This article was first published by AMTIL.
- Online agreements allow businesses to transact with customers without having to negotiate or interact with each user individually.
- Australian courts recognise agreements that have been created online, provided that the basic elements of a contract can be established.
- Clickthrough agreements are generally legally binding in Australia, but browsewrap agreements are more difficult to enforce.
Have you recently bought a product online, downloaded an app or other software on your device, or purchased an online subscription? It is likely are that each of these transactions would have involved entering into an online agreement.
Online agreements are now commonplace in everyday transactions. Properly implemented, an online agreement can permit businesses to create an enforceable contract with customers without having to negotiate or interact with each user individually.
For an online supplier of goods or services, it is critical that your online agreement is legally enforceable. Australian courts will recognise agreements that have been created online provided that the basic elements of a contract can be established. Generally this includes acceptance of contractual terms by both parties, a meeting of the minds, and an intention to create legal relations.
There are two types of online agreements, clickthrough (or clickwrap) agreements and browsewrap agreements.
A browsewrap agreement is an online agreement that is created (typically between a seller of goods or services and their customer) without any consent or positive step by the customer.
Browsewrap agreements do not require any consent or agreement to terms or conditions from a user before taking an active step to proceed with download of content or completion of a transaction (for example, ticking a box to confirm agreement to a set of terms and conditions).
These agreements are high risk as the user could claim they were not made aware of the terms and conditions and did not have a reasonable opportunity to consider them.
Australian Courts are less likely to consider browsewrap agreements as binding contractual relationships between the parties because it is difficult to demonstrate acceptance of the terms by the user.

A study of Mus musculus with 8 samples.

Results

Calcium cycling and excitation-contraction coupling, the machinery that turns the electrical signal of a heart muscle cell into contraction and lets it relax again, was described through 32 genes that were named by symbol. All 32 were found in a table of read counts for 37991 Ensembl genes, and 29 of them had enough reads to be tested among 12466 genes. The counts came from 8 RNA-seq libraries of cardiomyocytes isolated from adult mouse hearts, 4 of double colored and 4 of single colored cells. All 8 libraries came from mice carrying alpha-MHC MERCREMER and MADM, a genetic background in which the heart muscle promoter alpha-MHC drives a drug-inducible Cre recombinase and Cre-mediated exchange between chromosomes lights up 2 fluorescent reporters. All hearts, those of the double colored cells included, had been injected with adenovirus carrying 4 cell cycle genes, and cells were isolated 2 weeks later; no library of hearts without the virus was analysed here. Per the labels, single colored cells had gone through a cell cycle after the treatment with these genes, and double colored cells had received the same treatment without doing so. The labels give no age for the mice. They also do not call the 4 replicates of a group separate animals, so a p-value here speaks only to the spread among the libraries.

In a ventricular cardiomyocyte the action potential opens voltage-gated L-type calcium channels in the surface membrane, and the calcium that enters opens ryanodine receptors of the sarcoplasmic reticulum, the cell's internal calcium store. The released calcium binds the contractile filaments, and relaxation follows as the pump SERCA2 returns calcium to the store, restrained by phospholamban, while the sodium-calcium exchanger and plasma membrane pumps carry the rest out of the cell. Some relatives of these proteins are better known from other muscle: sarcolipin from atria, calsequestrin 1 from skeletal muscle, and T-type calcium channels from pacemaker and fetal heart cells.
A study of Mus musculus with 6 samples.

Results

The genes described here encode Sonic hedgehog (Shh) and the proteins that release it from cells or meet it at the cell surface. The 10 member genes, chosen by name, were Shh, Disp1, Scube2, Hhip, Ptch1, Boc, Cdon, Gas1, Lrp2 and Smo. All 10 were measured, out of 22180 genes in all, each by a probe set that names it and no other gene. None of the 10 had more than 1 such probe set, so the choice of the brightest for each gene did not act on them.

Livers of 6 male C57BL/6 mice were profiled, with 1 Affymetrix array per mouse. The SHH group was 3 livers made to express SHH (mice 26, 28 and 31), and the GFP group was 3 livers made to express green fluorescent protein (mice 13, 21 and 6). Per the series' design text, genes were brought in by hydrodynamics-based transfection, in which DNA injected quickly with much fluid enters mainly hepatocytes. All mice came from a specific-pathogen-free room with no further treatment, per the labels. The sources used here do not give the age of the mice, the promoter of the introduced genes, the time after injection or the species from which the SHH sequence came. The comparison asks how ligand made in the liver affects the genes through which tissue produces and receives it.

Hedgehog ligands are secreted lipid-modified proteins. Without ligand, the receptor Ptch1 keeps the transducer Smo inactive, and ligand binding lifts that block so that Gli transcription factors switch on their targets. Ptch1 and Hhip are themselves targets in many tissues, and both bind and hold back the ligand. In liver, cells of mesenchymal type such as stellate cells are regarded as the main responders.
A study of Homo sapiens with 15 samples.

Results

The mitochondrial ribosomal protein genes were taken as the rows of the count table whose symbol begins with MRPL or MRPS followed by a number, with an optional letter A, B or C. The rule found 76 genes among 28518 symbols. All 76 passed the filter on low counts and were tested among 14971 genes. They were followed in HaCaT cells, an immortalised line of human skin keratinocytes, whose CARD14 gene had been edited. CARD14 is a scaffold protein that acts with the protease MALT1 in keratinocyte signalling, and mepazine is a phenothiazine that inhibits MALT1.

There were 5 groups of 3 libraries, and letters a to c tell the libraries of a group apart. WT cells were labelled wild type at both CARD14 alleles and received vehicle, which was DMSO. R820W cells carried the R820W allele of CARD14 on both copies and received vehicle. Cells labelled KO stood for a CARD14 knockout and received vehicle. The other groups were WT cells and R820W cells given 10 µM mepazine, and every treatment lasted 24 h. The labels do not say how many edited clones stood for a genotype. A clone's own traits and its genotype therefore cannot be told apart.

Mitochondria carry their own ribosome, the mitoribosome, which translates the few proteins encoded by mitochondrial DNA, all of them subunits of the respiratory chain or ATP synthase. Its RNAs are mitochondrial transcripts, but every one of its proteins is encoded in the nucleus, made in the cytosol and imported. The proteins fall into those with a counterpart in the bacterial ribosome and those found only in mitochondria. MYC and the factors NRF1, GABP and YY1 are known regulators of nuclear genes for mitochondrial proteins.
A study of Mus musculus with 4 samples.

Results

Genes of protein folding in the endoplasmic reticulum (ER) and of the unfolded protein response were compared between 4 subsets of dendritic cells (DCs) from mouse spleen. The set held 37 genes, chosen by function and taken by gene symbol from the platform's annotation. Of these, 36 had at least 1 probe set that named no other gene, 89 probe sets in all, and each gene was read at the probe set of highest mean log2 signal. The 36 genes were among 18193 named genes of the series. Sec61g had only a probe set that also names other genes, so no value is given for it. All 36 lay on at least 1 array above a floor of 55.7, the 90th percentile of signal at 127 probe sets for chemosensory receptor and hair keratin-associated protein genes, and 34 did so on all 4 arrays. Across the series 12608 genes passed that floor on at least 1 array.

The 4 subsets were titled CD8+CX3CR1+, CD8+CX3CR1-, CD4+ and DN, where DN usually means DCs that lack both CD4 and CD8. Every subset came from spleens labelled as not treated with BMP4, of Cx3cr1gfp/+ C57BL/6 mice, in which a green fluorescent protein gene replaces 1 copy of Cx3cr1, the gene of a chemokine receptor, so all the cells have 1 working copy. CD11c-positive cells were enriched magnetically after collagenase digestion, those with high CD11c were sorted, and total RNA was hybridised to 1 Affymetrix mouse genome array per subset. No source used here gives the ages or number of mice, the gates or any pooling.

Clickthrough agreements are created when a user ‘clicks’ or ‘checks‘ a box (or otherwise takes a positive step) to indicate acceptance of terms and conditions displayed online.
The positive step substitutes a real signature and is often used to enforce software licenses or authorise online transactions.
After the user has given their consent, they can continue to download the relevant content or complete the relevant transaction. If the user rejects, or choose not to agree to the terms, the online agreement and their interaction terminates.
Australian courts are more likely to recognise a clickthrough agreement as legally binding if the following conditions are satisfied:
- Reasonable Notice: The user must have had enough notice and opportunity to read the terms of the agreement before accepting the terms. Ideally, users will be required to read the terms by scrolling through the text before proceeding, but a clickthrough agreement may also be enforced when there is a clearly and prominently displayed hyperlink indicating the existence of the terms and conditions.
- Positive Step: The user must take a positive step (such as clicking ‘agree’ or ‘accept’) to confirm that they have read and consent to the terms of the agreement. The box should not be pre-ticked. The wording of the acceptance and agreement is important, as is how the terms and the ‘accept/agree’ button are arranged on the page.
- Unusual Terms: Any unusual or onerous terms should be displayed in bold or highlighted in some manner to draw the user’s attention to the terms. This point is particularly important when the user is a consumer or small business. A consumer or small business is typically considered to have less bargaining power, and has the benefit of consumer protections contained in the Australian Consumer Law (ACL) which prohibit ‘unfair’ terms in consumer contracts. Whether a condition is ‘unusual’ depends on the circumstances. Relevant factors include the nature of the contract and the parties as well as the industry context. For example, if a term or obligation is typical in a particular industry, it will not be considered unusual in a commercial contract used in that industry and there would be no special onus to bring it to the user’s attention.
What does this mean for me?
For online suppliers of goods or services, it is critical that your online agreement is legally enforceable. If the basic elements of a contract cannot be established, you may not be able to enforce its terms for example, if a customer defaults in payment or breaches a term of a licence agreement or you would like to terminate the agreement.
Even the most carefully prepared terms and conditions will not be able to be enforced if they are not properly implemented.
If you sell or licence goods or services online, you should review your terms to ensure that they are drafted appropriately for an online context, and that they are properly communicated to your customers. Our expert contracts team would be delighted to assist you.